British Prime Minister Boris Johnson has pledged that Brexit will happen, one way or another. He is legally restrained by laws passed by Parliament, but if he can arrange a deal with the EU, the effects of those laws will be nullified.
To that end, he has been focusing on coming to an agreement with the Irish Prime Minister, Leo Varadkar. The primary objections by the EU negotiators have focused on the Irish border, and if Johnson and Varadkar could determine a mechanism for transit of goods and individuals which would satisfy both countries, Johnson’s hope for a late-October Brexit remained alive.
Yesterday, the two parties came to a tentative agreement, and this morning at an extended breakfast meeting, the UK Brexit Secretary discussed the proposals with the EU representative Michael Barnier.
Afterward, the European Council president Donald Tusk spoke with reporters.
“Unfortunately, we are still in a situation in which the UK has not come forward with a workable, realistic proposal.
“A week ago I told PM Johnson that if there was no such proposal by today, I would announce publicly that there are no more chances – because of objective reasons – for a deal during the incoming European Council.
“However, yesterday when the Irish Taoiseach and the UK Prime Minister met they both saw – for the first time – a pathway to a deal. I have received promising signals from the Taoiseach that a deal is still possible.”
The possibility remains for a “soft Brexit” agreement, but time is running very short. A meeting of EU leaders is scheduled for Thursday; that is the absolute latest time that any deal might be agreed upon, and the exact details would need to be finalized prior to that.
Even should a deal be reached, it would only bring Johnson to the point where Theresa May was stymied; she had a negotiated “soft Brexit” deal of exactly the sort which is eluding Johnson, but could not convince the different factions of the Conservative party – then in the majority – to agree to it. A Brexit deal of the sort May had achieved would risk the same sort of blowback, but after Johnson had arranged to make the Tories into a minority. It is for this reason that “soft Brexit” is widely accepted to be a very remote possibility prior to November.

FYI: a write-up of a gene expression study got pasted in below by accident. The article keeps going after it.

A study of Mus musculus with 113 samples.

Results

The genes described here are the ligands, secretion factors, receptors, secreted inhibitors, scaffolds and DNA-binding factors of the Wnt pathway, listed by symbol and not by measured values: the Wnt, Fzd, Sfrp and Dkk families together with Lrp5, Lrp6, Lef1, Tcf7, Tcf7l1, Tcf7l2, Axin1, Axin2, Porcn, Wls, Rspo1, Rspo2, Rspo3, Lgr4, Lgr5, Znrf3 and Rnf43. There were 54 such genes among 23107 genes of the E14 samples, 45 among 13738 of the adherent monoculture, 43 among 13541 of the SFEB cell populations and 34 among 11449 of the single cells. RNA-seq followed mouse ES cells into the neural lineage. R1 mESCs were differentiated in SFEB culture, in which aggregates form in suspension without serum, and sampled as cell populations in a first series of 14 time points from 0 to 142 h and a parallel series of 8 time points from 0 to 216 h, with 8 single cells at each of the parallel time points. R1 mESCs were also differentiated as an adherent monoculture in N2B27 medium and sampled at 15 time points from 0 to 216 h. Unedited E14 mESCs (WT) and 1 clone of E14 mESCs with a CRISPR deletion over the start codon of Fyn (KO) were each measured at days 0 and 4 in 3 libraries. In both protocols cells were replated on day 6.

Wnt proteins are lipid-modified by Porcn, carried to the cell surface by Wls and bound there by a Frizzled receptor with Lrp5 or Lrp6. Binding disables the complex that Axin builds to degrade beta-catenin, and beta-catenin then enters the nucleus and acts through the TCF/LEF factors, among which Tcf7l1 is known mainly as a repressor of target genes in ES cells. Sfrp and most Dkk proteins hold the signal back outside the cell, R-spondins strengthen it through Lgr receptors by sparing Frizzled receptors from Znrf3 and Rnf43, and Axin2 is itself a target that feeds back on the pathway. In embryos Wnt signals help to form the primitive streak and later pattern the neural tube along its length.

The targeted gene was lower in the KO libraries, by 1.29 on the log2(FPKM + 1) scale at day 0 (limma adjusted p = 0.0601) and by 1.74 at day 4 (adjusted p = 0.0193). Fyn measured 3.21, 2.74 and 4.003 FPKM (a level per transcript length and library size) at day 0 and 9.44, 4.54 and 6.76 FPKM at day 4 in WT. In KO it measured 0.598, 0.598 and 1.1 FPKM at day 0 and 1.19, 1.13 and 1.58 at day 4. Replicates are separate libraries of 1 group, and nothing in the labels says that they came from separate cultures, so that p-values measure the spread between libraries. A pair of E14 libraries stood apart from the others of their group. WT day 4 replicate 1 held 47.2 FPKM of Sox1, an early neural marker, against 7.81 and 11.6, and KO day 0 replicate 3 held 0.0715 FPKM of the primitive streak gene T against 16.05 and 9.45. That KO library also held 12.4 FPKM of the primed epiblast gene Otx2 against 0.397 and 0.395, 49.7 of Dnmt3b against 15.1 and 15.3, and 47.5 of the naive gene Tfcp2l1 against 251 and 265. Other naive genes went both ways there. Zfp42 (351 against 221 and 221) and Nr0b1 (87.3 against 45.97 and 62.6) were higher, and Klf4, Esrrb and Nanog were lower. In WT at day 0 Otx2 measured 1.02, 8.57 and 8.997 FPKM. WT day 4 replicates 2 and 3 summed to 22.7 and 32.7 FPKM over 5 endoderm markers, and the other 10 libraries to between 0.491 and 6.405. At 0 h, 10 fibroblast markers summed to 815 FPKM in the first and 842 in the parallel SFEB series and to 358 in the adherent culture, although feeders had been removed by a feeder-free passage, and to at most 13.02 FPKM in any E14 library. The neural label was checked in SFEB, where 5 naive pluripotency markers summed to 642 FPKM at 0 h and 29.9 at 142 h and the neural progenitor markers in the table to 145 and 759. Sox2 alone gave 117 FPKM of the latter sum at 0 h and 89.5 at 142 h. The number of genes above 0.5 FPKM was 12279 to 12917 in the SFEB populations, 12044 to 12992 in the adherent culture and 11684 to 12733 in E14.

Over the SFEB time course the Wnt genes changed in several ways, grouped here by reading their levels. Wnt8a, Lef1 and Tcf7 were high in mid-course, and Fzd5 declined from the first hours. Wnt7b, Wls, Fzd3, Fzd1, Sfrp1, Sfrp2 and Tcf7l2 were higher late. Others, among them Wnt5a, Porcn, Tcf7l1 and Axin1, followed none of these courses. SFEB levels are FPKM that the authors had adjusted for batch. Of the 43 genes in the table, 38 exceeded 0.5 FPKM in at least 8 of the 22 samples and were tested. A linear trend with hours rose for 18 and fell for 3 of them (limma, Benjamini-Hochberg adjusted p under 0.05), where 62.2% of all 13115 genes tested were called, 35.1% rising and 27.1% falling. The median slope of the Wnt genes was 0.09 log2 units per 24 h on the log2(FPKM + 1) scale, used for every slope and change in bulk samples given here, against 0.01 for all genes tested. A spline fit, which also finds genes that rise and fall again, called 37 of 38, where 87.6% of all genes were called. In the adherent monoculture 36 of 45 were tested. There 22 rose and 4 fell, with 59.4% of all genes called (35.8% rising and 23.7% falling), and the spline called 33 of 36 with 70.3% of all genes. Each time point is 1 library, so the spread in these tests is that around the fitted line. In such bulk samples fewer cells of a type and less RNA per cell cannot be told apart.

Boris Johnson’s plans for a no-deal Brexit may come about even should the EU reject their “soft Brexit” offer. Johnson’s restrictions from Parliament exist via a very specific path which the law dictates he must follow. He must, in the absence of a deal, sent a letter requesting an extension to the European Union.
Johnson’s actions and statements have made clear that he is considering flouting the law, which risks throwing the UK into crisis. While a strong majority of Parliament disapproves of a no-deal Brexit, it retains popularity among a large percentage – perhaps even a slim majority – of the British population and Johnson may wish to force a conflict between the opposing sides. Johnson would almost certainly lose a no confidence vote by the Parliament, and would then either need to step down or force the Queen to decide about removing him forcefully.
Another possibility is a set of active efforts on the part of Johnson to convince the EU to reject the extension request. These could come in the form of one-on-one talks with key EU leaders, or even a second letter informing the EU demanding they ignore the contents of the preceding, mandated one. There is no guarantee they would; they could simply grant the extension anyway, in accordance with the initial, required letter.